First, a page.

For many low-income students in North Long Beach, earning a higher education degree is a struggle, especially when it means riding the bus for hours to the nearest city college.

In the near future, they might not have to travel too far.

On Tuesday, the City Council will consider working with Long Beach City College,  Pacific Gateway Workforce Investment Network and higher education advocates to explore the possibility of establishing a higher education center in North Long Beach.

While Long Beach City College has campuses in the east and central Long Beach areas, there is no higher education presence in North Long Beach.

That could be one reason why the area sees higher disparities in education compared to the rest of the city, says 9th District Councilman Rex Richardson, who proposed the idea.

A community college would be one more step in a “renaissance” for the area that includes a new library, renovation of Jordan High School and the revitalization of the Atlantic Avenue corridor, Richardson said Friday.

“This is unique opportunity, especially with all the public investment and economic activity taking place,” he said. “This is one of the city’s largest, most dense ZIP codes and having a community college with a center here would improve our work readiness and send a strong message to our community.”

In the North Long Beach area, 13 percent of residents between 25 and 34 years of age have a bachelor’s degree and just 40 percent of that area’s youth are enrolled in college, compared to almost half of Long Beach and Los Angeles County, city statistics show.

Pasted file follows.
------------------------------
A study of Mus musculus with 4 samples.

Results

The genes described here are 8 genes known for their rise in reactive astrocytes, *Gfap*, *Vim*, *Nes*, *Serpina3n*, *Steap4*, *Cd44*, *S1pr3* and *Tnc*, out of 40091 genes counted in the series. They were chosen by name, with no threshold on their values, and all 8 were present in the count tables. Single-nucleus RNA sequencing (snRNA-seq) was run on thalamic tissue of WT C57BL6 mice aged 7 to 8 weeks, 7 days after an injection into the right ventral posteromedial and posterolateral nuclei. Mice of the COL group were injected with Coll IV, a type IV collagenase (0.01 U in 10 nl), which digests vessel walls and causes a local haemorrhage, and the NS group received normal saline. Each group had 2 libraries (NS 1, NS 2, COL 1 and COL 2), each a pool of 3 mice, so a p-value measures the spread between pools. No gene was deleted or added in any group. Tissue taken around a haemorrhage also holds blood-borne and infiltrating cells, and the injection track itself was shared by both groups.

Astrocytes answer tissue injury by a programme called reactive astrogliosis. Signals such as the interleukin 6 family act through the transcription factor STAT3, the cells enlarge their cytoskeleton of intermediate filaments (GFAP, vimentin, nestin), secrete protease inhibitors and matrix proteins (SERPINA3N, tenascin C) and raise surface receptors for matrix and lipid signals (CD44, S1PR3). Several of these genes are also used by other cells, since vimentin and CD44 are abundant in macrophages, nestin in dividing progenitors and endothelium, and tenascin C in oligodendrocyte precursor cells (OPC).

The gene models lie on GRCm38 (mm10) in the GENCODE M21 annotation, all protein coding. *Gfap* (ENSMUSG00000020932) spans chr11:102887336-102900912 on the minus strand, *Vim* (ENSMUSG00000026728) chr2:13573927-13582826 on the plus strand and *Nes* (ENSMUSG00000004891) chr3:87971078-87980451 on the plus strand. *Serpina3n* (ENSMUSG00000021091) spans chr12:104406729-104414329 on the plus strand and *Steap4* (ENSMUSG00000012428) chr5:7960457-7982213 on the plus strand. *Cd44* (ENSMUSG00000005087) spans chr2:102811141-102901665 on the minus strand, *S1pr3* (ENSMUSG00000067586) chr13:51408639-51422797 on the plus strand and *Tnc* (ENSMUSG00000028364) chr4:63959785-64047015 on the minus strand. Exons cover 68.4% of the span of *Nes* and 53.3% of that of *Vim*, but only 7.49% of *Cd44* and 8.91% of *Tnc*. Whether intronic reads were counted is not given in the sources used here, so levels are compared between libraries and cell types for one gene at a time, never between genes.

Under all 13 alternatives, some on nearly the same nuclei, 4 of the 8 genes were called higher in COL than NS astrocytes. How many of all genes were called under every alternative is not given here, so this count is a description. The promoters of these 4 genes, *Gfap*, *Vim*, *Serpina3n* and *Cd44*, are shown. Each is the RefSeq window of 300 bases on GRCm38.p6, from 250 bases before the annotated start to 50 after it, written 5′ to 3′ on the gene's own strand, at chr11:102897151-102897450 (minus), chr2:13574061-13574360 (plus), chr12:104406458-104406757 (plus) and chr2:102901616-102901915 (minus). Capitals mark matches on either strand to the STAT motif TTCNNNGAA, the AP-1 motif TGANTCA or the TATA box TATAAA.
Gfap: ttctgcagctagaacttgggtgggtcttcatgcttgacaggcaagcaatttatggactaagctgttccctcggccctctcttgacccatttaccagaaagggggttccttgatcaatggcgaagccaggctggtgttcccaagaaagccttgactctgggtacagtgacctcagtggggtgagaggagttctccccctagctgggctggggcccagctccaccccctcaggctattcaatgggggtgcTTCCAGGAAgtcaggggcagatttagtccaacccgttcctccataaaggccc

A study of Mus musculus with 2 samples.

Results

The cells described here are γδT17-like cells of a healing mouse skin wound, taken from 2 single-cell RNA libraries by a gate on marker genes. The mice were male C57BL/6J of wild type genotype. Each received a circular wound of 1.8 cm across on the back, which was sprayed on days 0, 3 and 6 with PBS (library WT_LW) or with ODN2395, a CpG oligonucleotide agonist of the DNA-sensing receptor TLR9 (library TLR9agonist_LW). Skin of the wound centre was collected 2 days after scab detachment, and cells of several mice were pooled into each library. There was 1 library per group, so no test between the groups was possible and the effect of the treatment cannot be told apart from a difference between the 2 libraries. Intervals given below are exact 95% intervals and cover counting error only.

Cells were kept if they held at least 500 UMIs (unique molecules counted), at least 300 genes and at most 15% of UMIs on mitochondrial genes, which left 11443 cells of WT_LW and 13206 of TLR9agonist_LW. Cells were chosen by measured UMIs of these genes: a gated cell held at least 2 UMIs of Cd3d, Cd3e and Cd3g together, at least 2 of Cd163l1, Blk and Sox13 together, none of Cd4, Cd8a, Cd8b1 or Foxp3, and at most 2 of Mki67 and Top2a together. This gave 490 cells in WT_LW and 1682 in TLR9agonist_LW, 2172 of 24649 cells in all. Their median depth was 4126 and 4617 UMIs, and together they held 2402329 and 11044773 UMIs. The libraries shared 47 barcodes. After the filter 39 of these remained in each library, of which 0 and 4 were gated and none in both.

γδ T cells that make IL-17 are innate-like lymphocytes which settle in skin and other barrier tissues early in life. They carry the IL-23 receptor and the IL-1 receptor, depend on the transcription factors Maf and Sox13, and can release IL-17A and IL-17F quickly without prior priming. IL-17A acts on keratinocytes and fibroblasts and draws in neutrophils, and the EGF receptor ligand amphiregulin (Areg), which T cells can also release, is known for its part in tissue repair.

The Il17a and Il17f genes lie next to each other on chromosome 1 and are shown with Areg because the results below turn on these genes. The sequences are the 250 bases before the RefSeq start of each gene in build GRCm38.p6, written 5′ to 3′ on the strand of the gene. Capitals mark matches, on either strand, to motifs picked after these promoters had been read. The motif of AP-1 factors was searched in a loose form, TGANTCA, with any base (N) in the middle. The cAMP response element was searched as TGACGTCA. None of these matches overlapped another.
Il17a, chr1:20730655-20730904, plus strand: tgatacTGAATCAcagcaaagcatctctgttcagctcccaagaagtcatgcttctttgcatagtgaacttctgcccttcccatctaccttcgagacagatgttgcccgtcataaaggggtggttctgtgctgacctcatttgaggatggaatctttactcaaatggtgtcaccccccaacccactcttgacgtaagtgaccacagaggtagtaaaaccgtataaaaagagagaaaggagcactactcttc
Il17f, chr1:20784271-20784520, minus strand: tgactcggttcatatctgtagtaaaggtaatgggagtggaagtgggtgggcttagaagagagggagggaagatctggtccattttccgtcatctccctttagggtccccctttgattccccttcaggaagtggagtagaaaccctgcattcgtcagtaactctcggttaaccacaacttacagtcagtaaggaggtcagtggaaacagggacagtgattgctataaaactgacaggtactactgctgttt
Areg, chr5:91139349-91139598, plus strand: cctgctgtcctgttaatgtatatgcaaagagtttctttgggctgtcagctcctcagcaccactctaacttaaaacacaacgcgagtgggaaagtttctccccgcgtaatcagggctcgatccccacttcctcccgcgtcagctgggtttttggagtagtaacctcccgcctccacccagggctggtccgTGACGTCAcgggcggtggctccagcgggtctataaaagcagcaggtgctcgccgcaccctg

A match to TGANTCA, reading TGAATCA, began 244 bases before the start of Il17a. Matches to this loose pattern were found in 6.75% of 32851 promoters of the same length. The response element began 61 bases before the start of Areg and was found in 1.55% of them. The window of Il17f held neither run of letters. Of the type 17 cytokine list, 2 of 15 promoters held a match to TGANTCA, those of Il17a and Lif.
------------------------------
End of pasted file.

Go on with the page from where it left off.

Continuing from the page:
Richardson said many find it easier to commute to Compton Community College, where about 8 percent of students are from North Long Beach.

About 10 percent of North Long Beach students are enrolled at Long Beach City College, but the commute without a car can be long. The bus ride from Jordan High School to Long Beach City College, for example, can take up to two hours, he said.

Richardson cited studies showing that geographic location is an important factor for determining whether first-generation and low-income students go on to college.

“We know there is a positive impact of having a community college in a neighborhood,” he said.

Richardson said the city will work to determine what would best fit in the area. Possibilities include a vocational college, a community college satellite campus or a workforce development center.

Once students get to college, graduating or transferring is another challenge.

Numbers show that less than 20 percent of Long Beach City College students who started their studies in fall 2014 had transferred or graduated by 2018. And while minority students are showing gains, they continue to face challenges.

Hispanics make the largest group to attend community college, with 46 percent enrolling at a two-year school, compared to 33 percent of blacks and 30 percent of whites. While more Hispanics are getting a postsecondary education, they fall behind other groups in attaining a four-year degree, studies show.

At Long Beach City College, nearly 60 percent of students are Hispanic, while 14 percent are white, 12 percent are Asian/Pacific Islander/Filipino and 11 percent are black.

California has vowed to improve its community college graduation and transfer rates. Starting this year, 40 percent of state funding for community colleges will depend on student success and enrollment numbers for low income students.